There are lots of forums on Facebook, full of old (usually colourised) photos. And everyone bemoans the loss of that past where you could leave your front door unlocked and kids played on the street all day. All those wonderful buildings knocked down and replaced by modern tat. Landlords, of course, were rich and rapacious, even then.

My grandfather, being a policeman between the wars, got moved around Surrey. Given a choice between modern council housing (with plumbing, an inside loo and an oven) and the pretty, rambling old cottage in Thursley (with a well, a cesspit and an open range) Granny plumped for modernity every time and although I don't know the views of my grandfather, he was the one who had to bring in the water and deal with the cesspit. That cottage wasn't knocked down and today, of course, is worth millions.

A distant aunt owned a couple of cottages in Norfolk. She was in her seventies, the properties were ruinous, and gave her a pittance to live on. She would have had neither energy, nor the funds to improve them.

Family history is so much more interesting when we have some sort of back story to our ancestors, but how do we prevent our own prejudices colouring it?

Contrast that with a friend's parents mansion flat in Finchley. Built grandly in the 1920s it was very spacious with elegant proportions and the block had a live in janitor which made people mind their manners. The rent was about the same as a council flat because they were sitting tenants.

As a child I always lived in either new or modern houses yet my mother's life was consumed by housework. She did neither less nor more than my old aunties, who all lived in unmodern properties. Although my mum had a primitive washing machine, the laundry took all day. Today we just bung it in and go away and do something else.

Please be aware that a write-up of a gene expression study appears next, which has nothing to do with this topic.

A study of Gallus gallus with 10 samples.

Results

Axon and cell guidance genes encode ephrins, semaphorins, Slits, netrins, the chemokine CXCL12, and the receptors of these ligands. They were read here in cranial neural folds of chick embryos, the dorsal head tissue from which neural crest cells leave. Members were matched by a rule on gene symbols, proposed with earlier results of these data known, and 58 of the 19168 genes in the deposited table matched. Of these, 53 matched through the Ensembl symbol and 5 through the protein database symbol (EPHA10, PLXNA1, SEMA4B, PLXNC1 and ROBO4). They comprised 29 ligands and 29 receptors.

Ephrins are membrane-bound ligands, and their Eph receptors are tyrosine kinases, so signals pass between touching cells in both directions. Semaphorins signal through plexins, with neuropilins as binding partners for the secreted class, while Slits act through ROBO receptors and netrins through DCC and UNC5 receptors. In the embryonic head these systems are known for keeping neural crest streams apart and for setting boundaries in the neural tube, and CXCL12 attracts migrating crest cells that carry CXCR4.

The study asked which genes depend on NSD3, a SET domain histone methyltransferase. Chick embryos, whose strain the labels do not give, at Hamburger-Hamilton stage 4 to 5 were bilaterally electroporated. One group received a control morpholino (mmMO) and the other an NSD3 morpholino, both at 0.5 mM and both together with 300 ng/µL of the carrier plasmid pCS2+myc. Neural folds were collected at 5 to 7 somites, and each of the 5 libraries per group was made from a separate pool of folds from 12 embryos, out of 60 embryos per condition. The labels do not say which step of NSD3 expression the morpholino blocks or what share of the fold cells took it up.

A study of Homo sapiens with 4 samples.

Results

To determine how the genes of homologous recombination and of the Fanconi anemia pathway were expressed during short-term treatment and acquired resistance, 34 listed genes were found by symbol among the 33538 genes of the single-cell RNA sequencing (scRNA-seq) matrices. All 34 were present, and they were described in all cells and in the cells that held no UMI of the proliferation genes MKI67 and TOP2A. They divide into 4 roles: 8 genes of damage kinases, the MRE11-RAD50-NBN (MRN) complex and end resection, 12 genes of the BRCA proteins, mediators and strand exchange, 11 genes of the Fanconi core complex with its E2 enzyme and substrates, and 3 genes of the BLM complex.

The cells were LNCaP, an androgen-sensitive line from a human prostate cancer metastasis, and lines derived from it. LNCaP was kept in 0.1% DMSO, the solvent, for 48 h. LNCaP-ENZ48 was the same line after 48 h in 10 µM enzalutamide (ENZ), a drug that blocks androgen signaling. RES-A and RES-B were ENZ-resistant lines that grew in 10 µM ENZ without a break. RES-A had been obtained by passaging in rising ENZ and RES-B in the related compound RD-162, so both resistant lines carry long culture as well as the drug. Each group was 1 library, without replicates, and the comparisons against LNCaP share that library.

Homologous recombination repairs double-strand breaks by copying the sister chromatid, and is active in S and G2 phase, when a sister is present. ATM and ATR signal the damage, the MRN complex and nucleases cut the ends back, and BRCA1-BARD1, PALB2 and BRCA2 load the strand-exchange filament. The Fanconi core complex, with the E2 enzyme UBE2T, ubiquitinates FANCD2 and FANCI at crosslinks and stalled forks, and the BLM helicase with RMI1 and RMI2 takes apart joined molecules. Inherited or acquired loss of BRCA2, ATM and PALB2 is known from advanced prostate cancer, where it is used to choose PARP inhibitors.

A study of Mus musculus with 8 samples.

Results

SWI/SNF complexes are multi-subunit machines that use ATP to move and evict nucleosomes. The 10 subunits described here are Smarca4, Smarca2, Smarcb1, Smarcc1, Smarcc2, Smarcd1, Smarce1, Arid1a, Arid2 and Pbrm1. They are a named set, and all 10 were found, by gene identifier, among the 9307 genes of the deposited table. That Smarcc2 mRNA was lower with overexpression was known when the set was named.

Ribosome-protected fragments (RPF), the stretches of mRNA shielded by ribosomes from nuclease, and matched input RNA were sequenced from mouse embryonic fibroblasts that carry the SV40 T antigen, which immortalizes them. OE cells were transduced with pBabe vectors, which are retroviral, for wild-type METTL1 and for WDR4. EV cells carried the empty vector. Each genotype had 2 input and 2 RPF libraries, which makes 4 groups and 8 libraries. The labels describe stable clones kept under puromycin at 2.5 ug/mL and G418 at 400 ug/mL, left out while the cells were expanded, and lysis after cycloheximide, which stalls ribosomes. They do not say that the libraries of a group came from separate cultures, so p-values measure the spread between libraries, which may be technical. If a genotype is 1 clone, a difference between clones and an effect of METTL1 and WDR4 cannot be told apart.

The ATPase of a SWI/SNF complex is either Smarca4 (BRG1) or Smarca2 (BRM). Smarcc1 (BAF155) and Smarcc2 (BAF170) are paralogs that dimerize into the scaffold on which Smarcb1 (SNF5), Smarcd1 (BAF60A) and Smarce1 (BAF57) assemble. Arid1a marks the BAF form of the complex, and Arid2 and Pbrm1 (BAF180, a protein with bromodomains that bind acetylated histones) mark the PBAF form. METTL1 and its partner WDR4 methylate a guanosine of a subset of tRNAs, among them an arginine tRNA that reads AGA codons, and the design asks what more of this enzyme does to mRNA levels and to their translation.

I am guilty of the "good old days" fantasy though. One set of 3 x ggps lived in what appears to have been an idyllic farmhouse where the family had lived for 300 years at least. Yet in the mid 1800s they upped sticks and moved into a slummy area of Manchester. I thought the move must have broken their hearts, but of course I don't know how hard their life was as farmers.

I have seen many a family history fantasy on the internet. Huge unfounded assumptions about their ancestors status, always favourable of course. The man whose wife died of tb while he was busy making another woman pregnant had done so, according to his descendent, because the wife had someone else and thrown him out, poor man.

Some things were better in the past. Some things were worse. We need to remember that we shouldn't look at yesterday with today's eyes.


My first mil came from very humble stock. Her father was an ag lab. She was one of 8 children. Her mother fell down the rotten staircase in their one up one down cottage, broke her neck and died. Her father married the widow next door (yes) who already had five children and they went on to have more. Mils elder sister got a job aged 12 with an elderly lady in the village and my mil soon followed her, aged 10. I raved about the immorality of taking two girls to be virtual slaves. My mil said scornfully, you don't know what you are talking about. For the first time in our lives, we slept in a bed, were taught to wash ourselves and our clothes, to eat good food, to have someone take an interest in our well-being and all we had to do in exchange was dust a few pretty ornaments.

This certainly changed my (received) view of domestic service into one of refuge rather than slavery.



Unless our ancestors left records, we don't really know how they felt about their lot. My family were mainly ag labs or servants. But I often feel for better off women before they were allowed to work. They must have been bored out of their minds and wearing tight corsets would have made them feel ghastly.

As for modern tower blocks where people use the stairways as loos and let their dogs mess, I don't see how that is the planners' fault. On the estate where I live - a mix of privately owned housing, social housing and council housing, there are people who have beautiful gardens and well maintained houses and others who use their front lawn as a rubbish dump.